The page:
More black people than white die in police encounters involving tasers: report

More black people than white die in police encounters involving tasers: report

People killed by police use of stun guns are disproportionately African American, a Reuters analysis of fatalities through 2018 found.

The news service analyzed 1,081 cases in which people died after police shocked them with a stun gun, the majority occurring after 2000, when the weapon came into widespread usage by police departments. The analysis found that the plurality of deaths — at least 32 percent — were African American, compared to at least 29 percent white. African Americans comprise about 14 percent of the U.S. population.

Thirteen percent of deaths were listed as involving Hispanic people but did not list race, while another 26 percent listed neither race nor ethnicity, according to Reuters.


While stun guns have frequently been promoted as a nonlethal method of subduing suspects, officers are reportedly often not properly trained on their use. About 94 percent, or just under 17,000, of the nation’s 18,000 police departments issue stun guns.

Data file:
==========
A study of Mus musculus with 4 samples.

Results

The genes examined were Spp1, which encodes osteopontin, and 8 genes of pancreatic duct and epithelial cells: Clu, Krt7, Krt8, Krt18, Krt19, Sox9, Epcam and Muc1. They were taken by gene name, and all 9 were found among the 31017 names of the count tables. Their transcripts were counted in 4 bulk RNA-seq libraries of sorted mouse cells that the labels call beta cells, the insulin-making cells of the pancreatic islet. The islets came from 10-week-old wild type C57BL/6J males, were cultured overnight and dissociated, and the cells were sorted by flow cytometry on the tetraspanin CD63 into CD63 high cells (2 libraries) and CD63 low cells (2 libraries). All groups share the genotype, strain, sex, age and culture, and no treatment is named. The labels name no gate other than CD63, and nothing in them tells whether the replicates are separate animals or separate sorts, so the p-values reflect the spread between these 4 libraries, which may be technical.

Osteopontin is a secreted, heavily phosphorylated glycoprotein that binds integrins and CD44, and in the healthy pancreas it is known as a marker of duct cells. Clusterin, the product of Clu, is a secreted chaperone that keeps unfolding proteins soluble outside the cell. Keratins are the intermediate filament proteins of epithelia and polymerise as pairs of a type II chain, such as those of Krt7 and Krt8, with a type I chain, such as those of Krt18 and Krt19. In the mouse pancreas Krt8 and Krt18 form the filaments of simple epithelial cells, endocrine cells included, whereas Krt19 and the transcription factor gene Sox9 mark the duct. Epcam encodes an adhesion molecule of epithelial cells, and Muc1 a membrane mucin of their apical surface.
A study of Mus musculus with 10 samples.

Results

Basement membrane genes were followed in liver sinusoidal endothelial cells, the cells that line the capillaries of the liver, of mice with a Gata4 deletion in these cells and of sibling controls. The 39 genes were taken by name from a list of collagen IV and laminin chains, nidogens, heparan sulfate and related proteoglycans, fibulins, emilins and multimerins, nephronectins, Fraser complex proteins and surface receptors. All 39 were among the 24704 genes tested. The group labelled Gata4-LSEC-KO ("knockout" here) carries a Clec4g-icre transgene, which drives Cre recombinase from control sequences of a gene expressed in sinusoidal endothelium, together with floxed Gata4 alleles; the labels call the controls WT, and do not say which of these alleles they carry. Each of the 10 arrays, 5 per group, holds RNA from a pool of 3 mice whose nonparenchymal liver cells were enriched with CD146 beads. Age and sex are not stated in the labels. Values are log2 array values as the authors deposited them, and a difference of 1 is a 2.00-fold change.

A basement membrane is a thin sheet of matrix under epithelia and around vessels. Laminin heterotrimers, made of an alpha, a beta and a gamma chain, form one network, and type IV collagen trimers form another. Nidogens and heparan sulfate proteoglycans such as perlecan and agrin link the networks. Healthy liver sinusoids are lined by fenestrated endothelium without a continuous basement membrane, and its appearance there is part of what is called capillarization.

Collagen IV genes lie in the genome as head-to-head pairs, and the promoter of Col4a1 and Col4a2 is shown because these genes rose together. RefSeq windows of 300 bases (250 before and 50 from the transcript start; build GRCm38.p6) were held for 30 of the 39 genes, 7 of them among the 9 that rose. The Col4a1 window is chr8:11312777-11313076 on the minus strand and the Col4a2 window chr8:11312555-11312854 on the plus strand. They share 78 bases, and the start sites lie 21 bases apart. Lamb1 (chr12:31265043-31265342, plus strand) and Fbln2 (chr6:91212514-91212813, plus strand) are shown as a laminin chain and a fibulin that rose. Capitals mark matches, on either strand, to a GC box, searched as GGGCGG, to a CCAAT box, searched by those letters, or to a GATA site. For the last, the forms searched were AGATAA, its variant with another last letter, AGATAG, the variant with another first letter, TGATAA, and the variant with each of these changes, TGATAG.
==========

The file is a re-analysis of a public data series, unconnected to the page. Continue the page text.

“This is a dangerous weapon,” Michael Leonesio, a retired police officer who oversaw the Oakland, Calif., Police Department’s Taser program and who has served as an expert witness in lawsuits against Taser manufacturer Axon, told Reuters. “The more it’s used, the more people are going to die.”

Axon, meanwhile, defended its products as safer than batons, fists or impact munitions like rubber bullets.

“Any loss of life is a tragedy regardless of the circumstance, which is why we remain committed to developing technology and training to protect both officers and the community,” the company said in an email to Reuters.

The analysis comes after the death of Rayshard Brooks, a black man whom Atlanta police attempted to arrest in a Wendy’s parking lot on suspicion of driving under the influence. Police said Brooks grabbed an officer’s stun gun and fled, with footage of the incident appearing to show Brooks turning with the weapon before an officer fatally shoots him. A lawyer for Brooks’s family has noted that police frequently argue in court that stun guns are nonlethal weapons, which he said suggests the officer’s life was not in danger.